Observations as I follow God through the Chronological Bible
Read Job 1:1-12
The year Job celebrated his 60th birthday, he became the subject of a conversation between God and Satan. That conversation resulted in tremendous suffering for Job. Job’s suffering produced a long discussion about injustice and human suffering that failed to address the injustices God has suffered.
From the beginning of my currently short journey through the Chronological Bible, God has been treated unjustly. Satan questioned God’s judgment and sought to exalt himself, causing a disaster of epic proportions. God restored order, created a man and woman in his image, and made them rulers of the earth. The rulers listened to a serpent slander God and believed it without giving God the opportunity to face his accuser. When God confronted them, no one acknowledged their guilt. The man blamed the woman, and the woman blamed the serpent.
Self-justification gave us a world filled with violence. Cain murdered his brother and then complained God’s judgment was too harsh. The evil humanity did to one another broke God’s heart and filled him with regret that he had made them. He washed the earth of its filth and started over with one family. That family rejected him as their shepherd by putting their trust in a city they could build. If God had not intervened, the city would have given evil people the ability to do the impossible.
As God perceives time, two hours after he scattered humanity, he directed Satan’s attention to Job. God saw the good in Job, “There is no one on earth like him; he is blameless and upright, a man who fears God and shuns evil.”i God’s observation is puzzling. This story ends with Job’s repentance.
Satan saw evil in Job. He complained, “Have you not put a hedge around him and his household and everything he has? You have blessed the work of his hands, so that his flocks and herds are spread throughout the land.”ii Then Satan threw down the gauntlet. “But now stretch out your hand and strike everything he has, and he will surely curse you to your face.”iii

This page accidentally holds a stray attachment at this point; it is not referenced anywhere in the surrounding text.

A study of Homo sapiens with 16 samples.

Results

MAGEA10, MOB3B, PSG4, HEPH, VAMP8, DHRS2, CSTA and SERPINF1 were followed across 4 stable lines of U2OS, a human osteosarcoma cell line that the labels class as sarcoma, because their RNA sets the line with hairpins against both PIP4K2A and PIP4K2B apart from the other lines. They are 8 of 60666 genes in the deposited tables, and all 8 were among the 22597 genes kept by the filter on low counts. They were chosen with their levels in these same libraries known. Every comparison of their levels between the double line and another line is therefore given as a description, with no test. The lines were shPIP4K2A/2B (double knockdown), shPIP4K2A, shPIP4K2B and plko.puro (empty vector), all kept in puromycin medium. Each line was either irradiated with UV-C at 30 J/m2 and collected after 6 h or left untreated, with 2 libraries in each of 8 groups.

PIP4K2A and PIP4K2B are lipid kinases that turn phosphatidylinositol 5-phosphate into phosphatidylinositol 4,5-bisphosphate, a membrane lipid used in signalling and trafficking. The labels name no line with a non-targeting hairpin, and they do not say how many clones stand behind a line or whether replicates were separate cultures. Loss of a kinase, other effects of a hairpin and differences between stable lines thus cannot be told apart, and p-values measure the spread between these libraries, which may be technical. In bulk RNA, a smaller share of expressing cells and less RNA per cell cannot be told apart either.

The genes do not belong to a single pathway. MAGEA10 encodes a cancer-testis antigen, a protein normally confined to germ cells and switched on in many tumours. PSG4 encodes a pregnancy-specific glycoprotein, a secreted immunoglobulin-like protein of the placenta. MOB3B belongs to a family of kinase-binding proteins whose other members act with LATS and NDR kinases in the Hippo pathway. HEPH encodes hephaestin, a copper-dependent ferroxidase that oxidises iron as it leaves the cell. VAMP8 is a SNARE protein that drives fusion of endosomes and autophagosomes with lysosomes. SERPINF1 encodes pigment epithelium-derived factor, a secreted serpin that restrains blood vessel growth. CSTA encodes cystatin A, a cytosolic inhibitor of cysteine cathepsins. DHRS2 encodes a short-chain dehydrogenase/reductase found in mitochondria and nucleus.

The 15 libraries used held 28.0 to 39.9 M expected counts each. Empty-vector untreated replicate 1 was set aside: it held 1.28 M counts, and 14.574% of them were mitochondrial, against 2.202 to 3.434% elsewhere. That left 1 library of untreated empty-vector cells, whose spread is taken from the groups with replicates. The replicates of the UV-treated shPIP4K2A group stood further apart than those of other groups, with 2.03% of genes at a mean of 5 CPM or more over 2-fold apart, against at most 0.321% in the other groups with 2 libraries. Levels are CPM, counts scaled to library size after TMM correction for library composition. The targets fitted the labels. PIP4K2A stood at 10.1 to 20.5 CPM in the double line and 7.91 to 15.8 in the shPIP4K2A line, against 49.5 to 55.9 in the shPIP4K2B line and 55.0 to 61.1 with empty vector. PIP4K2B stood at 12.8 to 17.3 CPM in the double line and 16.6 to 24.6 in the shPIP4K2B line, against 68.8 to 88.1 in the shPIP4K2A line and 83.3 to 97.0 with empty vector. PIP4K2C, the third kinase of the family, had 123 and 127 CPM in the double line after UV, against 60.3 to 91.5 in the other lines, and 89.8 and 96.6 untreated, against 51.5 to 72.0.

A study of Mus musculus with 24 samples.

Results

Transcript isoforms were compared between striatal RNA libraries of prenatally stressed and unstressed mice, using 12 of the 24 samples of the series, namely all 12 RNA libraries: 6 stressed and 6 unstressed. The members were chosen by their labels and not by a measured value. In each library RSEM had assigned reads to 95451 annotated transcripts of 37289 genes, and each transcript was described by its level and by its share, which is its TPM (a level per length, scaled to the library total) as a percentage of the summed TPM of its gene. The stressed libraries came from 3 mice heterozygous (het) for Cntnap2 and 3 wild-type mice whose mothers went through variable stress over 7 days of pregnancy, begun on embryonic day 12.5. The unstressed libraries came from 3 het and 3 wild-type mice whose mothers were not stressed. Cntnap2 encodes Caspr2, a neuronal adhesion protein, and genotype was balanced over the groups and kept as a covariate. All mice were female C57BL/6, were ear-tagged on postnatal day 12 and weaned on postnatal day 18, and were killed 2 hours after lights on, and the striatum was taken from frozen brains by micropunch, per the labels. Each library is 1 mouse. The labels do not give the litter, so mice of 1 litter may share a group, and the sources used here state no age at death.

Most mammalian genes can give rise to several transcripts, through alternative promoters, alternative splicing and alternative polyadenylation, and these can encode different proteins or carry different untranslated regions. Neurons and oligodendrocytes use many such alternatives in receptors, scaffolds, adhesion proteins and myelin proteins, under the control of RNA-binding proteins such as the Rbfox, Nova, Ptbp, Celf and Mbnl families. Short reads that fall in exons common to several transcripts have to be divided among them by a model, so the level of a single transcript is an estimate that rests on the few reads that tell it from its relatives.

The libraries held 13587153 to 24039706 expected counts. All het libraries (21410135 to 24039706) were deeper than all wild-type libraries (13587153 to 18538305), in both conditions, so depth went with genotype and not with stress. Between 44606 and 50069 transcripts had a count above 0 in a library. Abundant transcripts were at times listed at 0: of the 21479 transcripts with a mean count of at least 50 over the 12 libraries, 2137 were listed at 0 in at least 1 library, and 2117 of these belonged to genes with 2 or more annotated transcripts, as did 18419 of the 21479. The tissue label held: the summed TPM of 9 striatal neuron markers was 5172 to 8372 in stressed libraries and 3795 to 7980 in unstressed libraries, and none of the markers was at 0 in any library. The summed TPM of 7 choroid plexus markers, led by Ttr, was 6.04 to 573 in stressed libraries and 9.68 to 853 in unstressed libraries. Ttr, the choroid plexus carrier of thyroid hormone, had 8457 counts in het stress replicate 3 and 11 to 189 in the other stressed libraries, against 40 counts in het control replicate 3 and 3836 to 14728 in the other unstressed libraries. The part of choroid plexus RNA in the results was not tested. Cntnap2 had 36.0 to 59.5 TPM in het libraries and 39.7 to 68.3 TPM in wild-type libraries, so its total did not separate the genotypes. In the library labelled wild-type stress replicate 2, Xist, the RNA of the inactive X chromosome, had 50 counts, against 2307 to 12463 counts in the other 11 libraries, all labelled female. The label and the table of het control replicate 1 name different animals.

God’s response can be difficult to interpret. “Very well, then, everything he has is in your power, but on the man himself do not lay a finger.”iv Did God put Job in Satan’s power? There is evidence God only pointed out the obvious. Job was already spiritually dead and in Satan’s power.
The Bible compares the devil to a roaring lion seeking someone to devour.v Lions can’t afford to roar when hunting live prey, because they are not very fast. By contrast, the animals they hunt are some of the fastest on the planet. Lions hide in bushes and rely on the element of surprise when hunting live prey. Lions are also scavengers that eat almost anything dead. One reason they roar is to drive away prey other predators have killed.vi If the devil is a roaring lion seeking someone to devour, he is seeking someone already dead. God pointed to Job.
Job had the same problem the church of Sardis had. His reputation of being a good man blinded him to the spiritual decay within.vii Job’s obsession with perfection had alienated his family and made him arrogant. His sons invited their sisters to family celebrations but not their father. When the party ended Job would “send for them in order to cleanse them from sin.”viii His “holier than thou attitude” was a stench in God’s nostrils.ix Job, who thought he could keep the hearts of his children pure before God could not see the impurity in his own heart until he suffered.
Whether God put Job in Satan’s power or Job was already in Satan’s power is debatable. But there is one thing that is not debatable. God limited what Satan could do to Job when he said, “on the man himself do not lay a finger.”